Apparently, my ability to predict where Japanese free agent ballplayers would sign new contracts is no better than my infamous skill at picking pennant winners. You may recall in the Nov. 21 Baseball Bullet-In, I speculated on which teams the three high-profile Japanese free agents would eventually sign contracts with for the 2000 season. Missed them all: O-for-3.
I said ex-Hiroshima Carp third baseman Akira Eto would go with the Yokohama BayStars, former Fukuoka Daiei Hawks pitcher Kimiyasu Kudo would join the Seattle Mariners or Colorado Rockies, and departing Yokohama bullpen ace Kazuhiro Sasaki would check in with the New York Mets.
As we now know, Eto and Kudo were bagged by the Yomiuri Giants, and Sasaki accepted the offer of the Mariners (at least I had the right country in two of three!). Of interest will be how NHK-TV handles the situation with Sasaki. Are they going to satellite broadcast every Mariners game? Break into the action in the eighth or ninth inning of a contest when Sasaki gets the call?
They sometimes cut off a game when a Japanese starter (Hideo Nomo, Masato Yoshii, Hideki Irabu) gets removed; they might as well pick up the scene when Sasaki is brought in to relieve.
Looking to 2001, the next Japanese free agent pitcher to look to MLB will be Yakult Swallows right-hander Kenjiro Kawasaki, according to the Chunichi Sports. The Central League leader with 17 victories in 1998, Kawasaki slumped in ’99 to 7-11 but will go all-out to win as many as possible in 2000, attract the attention of American scouts and bag a multimillion dollar deal a year from now.
* * * The preliminary Central and Pacific League schedules have been released, and pro ball games will (finally) be played at the Nagano Olympic Stadium. The 35,000-seat facility, used for the opening and closing ceremonies and certain events at the 1998 Winter Games, has been fully converted to a baseball park, and the Seibu Lions and Orix BlueWave will play there on Saturday and Sunday, May 20-21.
Since this is a leap year, there will be three All-Star Games played, and the trend is being followed to stage Game 3 at a countryside ball park. This year, the final All-Star tilt will be at the new Nagasaki Prefecture Stadium in Kyushu on Tuesday, July 25. This follows All-Star games at Tokyo Dome on Saturday, July 22, and Green Stadium Kobe on Sunday, July 23.
Also, it appears someone was listening when complaints surfaced last October that there is too much “dead time” between the end of the regular season and beginning of the Japan Series. Our Dan Moscoe wrote a “Sports Scope” column on the subject, and fans, media members and players themselves voiced dissatisfaction with the system.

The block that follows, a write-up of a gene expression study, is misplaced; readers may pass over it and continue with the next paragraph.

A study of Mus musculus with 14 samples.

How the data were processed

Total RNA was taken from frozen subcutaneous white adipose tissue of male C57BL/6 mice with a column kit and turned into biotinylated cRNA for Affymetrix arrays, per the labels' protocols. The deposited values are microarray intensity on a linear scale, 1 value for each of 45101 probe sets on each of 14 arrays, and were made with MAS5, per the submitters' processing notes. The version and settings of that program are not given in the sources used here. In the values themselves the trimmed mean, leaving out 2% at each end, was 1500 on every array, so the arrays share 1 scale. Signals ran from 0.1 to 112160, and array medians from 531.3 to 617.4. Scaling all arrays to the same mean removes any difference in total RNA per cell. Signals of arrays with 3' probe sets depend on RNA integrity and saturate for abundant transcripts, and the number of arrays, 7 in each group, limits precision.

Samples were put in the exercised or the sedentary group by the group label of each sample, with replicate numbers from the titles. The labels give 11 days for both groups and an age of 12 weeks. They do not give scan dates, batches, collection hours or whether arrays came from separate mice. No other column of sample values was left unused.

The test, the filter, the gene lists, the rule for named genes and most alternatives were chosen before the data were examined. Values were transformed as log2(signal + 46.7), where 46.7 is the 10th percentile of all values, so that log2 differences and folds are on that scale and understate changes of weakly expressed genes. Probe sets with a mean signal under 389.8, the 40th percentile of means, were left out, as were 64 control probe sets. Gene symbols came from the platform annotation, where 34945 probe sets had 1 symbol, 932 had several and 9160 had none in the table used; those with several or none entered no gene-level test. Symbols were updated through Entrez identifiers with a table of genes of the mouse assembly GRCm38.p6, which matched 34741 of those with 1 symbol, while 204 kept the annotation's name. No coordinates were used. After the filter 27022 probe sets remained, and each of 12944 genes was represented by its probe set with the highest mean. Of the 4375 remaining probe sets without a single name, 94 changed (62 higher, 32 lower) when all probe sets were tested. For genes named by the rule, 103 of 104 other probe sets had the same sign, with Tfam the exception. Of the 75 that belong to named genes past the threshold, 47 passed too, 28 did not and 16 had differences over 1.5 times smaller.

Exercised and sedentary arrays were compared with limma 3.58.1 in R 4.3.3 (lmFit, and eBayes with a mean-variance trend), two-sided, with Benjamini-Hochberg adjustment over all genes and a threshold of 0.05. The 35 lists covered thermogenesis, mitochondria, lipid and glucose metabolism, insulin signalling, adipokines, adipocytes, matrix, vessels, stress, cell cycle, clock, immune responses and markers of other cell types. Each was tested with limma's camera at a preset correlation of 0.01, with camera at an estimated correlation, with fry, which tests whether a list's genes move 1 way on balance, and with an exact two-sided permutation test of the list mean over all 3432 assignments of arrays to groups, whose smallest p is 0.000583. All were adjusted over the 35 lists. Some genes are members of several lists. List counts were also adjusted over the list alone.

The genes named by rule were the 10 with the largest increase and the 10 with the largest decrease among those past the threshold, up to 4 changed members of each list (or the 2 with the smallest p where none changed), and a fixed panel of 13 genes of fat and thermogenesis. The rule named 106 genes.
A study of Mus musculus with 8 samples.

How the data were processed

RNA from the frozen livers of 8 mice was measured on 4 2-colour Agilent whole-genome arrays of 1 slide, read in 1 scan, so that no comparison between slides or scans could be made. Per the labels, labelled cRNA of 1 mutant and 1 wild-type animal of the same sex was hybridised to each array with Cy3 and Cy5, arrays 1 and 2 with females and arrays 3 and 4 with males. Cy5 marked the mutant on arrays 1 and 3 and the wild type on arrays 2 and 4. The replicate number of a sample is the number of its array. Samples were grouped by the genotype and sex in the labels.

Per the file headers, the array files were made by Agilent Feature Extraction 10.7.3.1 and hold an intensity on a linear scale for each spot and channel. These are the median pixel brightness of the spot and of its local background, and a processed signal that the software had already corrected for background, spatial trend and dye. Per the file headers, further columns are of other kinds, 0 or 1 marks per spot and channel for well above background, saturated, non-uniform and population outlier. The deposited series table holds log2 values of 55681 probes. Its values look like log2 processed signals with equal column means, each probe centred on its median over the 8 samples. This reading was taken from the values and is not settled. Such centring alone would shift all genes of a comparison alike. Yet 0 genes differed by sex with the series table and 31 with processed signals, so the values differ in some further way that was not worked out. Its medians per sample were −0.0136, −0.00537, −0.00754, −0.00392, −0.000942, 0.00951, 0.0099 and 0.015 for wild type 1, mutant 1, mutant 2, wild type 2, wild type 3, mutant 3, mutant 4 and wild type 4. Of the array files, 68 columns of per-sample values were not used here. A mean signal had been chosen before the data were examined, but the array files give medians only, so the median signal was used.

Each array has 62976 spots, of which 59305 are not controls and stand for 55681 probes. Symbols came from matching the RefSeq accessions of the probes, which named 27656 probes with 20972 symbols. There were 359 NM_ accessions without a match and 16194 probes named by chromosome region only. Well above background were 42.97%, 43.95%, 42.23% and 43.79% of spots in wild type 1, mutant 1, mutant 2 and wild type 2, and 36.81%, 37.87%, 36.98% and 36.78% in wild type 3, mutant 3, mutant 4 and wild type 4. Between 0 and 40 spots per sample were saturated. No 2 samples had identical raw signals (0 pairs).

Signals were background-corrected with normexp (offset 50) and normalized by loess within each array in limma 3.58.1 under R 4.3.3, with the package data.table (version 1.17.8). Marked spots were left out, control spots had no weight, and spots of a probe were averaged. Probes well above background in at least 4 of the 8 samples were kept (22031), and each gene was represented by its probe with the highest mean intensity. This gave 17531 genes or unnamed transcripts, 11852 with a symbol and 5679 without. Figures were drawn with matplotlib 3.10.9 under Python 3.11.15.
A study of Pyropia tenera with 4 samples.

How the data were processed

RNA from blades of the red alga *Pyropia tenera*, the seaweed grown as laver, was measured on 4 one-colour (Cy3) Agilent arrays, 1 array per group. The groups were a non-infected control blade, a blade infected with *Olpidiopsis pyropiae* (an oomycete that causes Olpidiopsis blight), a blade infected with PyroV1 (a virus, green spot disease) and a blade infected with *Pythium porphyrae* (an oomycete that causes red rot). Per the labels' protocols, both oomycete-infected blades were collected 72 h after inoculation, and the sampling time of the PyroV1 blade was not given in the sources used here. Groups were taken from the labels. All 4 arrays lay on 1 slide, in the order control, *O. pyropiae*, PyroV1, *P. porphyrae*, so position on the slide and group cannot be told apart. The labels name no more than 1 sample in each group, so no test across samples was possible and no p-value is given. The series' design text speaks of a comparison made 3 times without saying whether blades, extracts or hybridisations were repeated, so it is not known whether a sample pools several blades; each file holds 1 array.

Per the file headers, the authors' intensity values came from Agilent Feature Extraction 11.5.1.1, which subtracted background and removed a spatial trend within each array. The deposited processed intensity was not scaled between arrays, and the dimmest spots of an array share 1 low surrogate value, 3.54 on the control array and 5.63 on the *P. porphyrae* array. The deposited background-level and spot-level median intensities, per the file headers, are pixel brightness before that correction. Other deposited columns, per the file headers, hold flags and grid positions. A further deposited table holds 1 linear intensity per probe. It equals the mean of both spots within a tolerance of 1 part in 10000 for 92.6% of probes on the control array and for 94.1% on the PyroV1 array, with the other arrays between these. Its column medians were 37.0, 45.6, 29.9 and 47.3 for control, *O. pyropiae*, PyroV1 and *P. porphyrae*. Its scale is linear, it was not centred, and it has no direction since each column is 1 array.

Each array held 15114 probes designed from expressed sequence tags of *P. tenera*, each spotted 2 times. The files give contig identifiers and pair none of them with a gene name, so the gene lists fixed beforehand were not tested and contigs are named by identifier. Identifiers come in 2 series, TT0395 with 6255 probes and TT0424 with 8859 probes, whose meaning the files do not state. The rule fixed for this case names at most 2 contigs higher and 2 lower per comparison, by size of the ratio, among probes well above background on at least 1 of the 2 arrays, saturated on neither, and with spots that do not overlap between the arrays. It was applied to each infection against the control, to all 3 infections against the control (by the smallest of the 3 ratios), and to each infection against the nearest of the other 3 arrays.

The pennant race schedule, printed preseason, actually ends at the end of September, and the Japan Series begins the third (sometimes fourth) Saturday of October. Makeup games take the regular season through about Oct. 10, but if the races have already been decided, there is still three weeks of low-interest baseball — or none at all. Moreover, with six teams playing at home in domed stadiums, there are fewer rainouts to be made up.
This year, the Pacific League considered all this and is taking two steps to correct the problem: 1) They have inserted more makeup dates earlier in the season. 2) They have posted a handful of random one-game series between Sept. 30 and Oct. 7.
For example, the Seibu Lions host the Kintetsu Buffaloes in Tokorozawa Sept. 30, then play the Marines at Chiba on Oct. 1, play the Hawks at Fukuoka Oct. 3, the BlueWave at Kobe Oct. 5, and finish at home against the Nippon Ham Fighters Oct. 7. It’s a step in the right direction, but still more needs to be done. Now that the Sports Day national holiday has been changed from Oct. 10 to a “floating date” on the second Monday of October, both Japanese leagues should consider scheduling (hopefully) climactic three-game, regular season-closing series on Saturday, Sunday and Monday of the Sports Day weekend.
The New York Mets 2000 schedule has been posted on the Internet, with game starting times listed by Eastern Standard Time. So it seems strange to see their first two games against the Chicago Cubs appearing with starting times of 5 a.m. on March 29 and 30. That’s because the games are being played prime time in Japan, at Tokyo Dome, so fans in New York (and Chicago where they’ll start at 4 a.m.), can watch with breakfast, kind of the way we watch football’s Super Bowl here in the Far East.
* * * The Chiba Lotte Marines will sport new visitor uniforms this coming season, in the style of the Cleveland Indians, San Diego Padres, New York Mets, Yakult Swallows and Fukuoka Daiei Hawks. The Nikkan Sports ran an illustration of what the new shirts will look like: black with white lettering, piping and trim, and they look great. Bobby Valentine who trashed Lotte’s pink-and-white colors when he took over as Chiba’s manager in 1995, would be proud.
Finally this week, the Universal movie, “For Love of the Game,” starring Kevin Costner, opens later this month at theaters in Japan. The flick had originally been scheduled for release here last autumn, then was pushed back to this coming March, which would have been great timing with the opening of baseball season. But now it’s been moved to the dead of winter. Whatever; it promises to be a good one. I hope the year 2000 will be a good one for you. Happy New Year.